A joint venture between Kushner Companies and Los Angeles-based private equity firm CIM Group is set to put a Soho office and retail property at 200 Lafayette Street back on the market, 18 months after it purchased the property, The Real Deal has learned.
Kushner and CIM are seeking between $150 million and $170 million for the 121,000-square-foot building, which they purchased in January 2012 for just $50 million. Doug Harmon and Adam Spies of Eastdil Secured have been tapped to market the asset, which will come to market in the next month or two, sources said.
Embattled retailer J.C. Penney, whose share price has fallen dramatically over the last year after a shift in leadership, has a triple net lease on the building’s office and retail space. The company inked a 15-year deal to lease the property in May 2012, initially paying $8 million a year in rent, with a 2 percent annual fixed increase, sources said. Kushner and CIM believe that the lease is significantly under market value in light of steadily increasing rents in the area, according to a source close to the deal.
J.C. Penney’s creative department currently occupies offices on the third, fourth, fifth and seventh floors of the building, while the sixth floor is available for sublease, asking $80 per square foot. The retailer is also considering allocating its retail lease, for the basement, ground and second floors, to another tenant for around $4.2 million a year, one source said. The retail space is currently vacant.
Both Kushner and CIM declined to comment on bringing the building back to market. Harmon and Spies could not be reached. A JC Penney spokesperson did not immediately respond to a request for comment.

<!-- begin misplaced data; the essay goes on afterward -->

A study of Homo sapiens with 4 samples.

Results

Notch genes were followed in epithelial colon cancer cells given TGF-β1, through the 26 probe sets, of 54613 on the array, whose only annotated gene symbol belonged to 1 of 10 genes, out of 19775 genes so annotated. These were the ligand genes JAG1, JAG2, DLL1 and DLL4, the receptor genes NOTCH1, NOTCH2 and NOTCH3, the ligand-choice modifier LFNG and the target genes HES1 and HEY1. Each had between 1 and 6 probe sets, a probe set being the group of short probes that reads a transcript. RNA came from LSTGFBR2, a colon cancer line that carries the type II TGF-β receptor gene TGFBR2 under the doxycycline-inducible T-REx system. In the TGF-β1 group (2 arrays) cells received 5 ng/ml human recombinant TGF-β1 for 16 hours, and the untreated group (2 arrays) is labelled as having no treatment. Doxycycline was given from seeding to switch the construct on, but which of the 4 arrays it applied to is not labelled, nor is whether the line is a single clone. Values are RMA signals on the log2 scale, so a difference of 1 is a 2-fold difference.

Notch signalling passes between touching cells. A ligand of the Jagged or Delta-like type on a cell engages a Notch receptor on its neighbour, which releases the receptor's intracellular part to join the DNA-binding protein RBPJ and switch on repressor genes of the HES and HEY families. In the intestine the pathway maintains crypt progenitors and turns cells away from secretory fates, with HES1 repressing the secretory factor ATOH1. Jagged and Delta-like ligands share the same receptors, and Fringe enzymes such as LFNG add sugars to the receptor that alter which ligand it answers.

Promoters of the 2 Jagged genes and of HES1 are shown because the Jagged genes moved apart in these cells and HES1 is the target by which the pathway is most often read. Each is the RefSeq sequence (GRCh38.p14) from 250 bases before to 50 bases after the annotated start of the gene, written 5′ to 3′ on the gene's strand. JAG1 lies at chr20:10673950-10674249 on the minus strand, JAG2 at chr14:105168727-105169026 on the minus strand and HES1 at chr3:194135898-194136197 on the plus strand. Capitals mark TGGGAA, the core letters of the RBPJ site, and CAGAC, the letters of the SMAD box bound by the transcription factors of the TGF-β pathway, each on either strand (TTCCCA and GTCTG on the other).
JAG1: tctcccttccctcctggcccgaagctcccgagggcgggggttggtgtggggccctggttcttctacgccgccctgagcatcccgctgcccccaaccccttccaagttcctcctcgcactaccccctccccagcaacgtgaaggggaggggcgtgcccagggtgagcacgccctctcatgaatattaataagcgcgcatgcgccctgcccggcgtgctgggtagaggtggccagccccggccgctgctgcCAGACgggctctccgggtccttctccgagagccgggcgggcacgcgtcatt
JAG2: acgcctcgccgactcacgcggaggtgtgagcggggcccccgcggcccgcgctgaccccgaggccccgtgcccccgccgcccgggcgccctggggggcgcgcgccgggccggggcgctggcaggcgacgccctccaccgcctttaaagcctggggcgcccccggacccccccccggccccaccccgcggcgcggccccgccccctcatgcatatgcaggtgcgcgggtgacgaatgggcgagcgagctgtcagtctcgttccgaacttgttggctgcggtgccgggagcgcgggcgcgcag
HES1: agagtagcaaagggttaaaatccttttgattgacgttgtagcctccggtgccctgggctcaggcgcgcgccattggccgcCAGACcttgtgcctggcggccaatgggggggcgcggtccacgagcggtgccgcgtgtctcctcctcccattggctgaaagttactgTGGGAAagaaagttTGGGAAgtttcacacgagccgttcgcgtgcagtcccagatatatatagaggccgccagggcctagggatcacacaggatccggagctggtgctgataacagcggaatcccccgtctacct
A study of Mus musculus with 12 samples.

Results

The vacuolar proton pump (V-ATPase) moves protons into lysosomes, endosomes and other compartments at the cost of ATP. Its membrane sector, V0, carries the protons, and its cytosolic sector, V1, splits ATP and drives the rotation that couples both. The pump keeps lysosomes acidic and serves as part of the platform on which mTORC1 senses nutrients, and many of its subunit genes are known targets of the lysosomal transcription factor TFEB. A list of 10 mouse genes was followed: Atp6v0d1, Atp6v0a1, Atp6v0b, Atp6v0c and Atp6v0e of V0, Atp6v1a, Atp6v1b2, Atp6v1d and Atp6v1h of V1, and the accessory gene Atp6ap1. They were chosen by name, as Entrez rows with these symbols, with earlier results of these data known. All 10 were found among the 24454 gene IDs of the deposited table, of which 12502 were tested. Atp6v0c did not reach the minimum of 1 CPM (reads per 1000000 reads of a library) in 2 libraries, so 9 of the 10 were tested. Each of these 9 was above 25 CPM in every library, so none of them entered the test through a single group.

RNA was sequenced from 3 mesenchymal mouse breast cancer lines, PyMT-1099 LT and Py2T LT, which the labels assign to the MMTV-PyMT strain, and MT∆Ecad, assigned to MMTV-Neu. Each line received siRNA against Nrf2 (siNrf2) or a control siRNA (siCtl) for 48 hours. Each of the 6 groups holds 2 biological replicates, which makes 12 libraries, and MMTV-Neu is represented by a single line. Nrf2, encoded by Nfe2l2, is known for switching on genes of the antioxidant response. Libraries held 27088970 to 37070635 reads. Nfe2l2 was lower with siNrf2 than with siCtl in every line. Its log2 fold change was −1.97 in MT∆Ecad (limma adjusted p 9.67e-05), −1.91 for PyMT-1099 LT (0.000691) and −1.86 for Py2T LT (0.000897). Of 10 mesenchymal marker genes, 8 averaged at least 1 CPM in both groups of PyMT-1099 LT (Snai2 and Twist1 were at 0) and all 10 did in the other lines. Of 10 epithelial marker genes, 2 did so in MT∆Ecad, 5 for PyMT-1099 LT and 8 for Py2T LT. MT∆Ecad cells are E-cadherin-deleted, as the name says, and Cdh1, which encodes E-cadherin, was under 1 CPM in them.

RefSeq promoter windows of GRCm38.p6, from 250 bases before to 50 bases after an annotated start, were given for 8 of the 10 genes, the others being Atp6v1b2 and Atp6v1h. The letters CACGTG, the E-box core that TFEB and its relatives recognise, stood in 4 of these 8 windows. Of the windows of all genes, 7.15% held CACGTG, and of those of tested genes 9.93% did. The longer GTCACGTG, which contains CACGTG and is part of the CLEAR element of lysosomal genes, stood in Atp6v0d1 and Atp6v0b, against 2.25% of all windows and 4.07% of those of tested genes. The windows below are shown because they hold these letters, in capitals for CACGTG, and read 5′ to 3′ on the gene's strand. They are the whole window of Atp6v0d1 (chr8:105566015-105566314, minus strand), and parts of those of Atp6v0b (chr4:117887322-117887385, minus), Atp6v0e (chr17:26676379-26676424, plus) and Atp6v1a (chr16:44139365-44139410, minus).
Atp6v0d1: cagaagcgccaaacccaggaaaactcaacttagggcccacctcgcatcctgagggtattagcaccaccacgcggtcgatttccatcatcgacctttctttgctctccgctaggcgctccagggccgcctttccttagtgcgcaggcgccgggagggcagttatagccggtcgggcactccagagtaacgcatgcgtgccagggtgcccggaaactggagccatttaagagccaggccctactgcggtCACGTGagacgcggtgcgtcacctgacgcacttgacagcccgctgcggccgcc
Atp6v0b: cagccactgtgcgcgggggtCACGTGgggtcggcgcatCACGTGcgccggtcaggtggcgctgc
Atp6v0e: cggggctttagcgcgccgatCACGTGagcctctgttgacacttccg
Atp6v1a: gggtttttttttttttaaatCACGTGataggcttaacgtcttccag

The current owners acquired the property from investors John Zaccaro Sr. and John Zaccaro Jr. and completed a $30 million renovation of the building, which included adding structural support for the roof and installing elevators so tenants could build a roof deck. Real estate investment trust SL Green Realty provided a loan of around $58 million for the project.
J.C. Penney’s troubles should not impact the sale of the building, sources said. The retailer’s stock has been tumbling for months now and took another dip when news broke yesterday that activist investor Bill Ackman, who owned 18 percent of the shares in the company, disclosed that he would sell his entire stake. Vornado Realty Trust also offloaded a chunk of its stake in the retailer earlier this year. The retailer fired its CEO, former Apple executive Ron Johnson, in April and has yet to find a permanent replacement.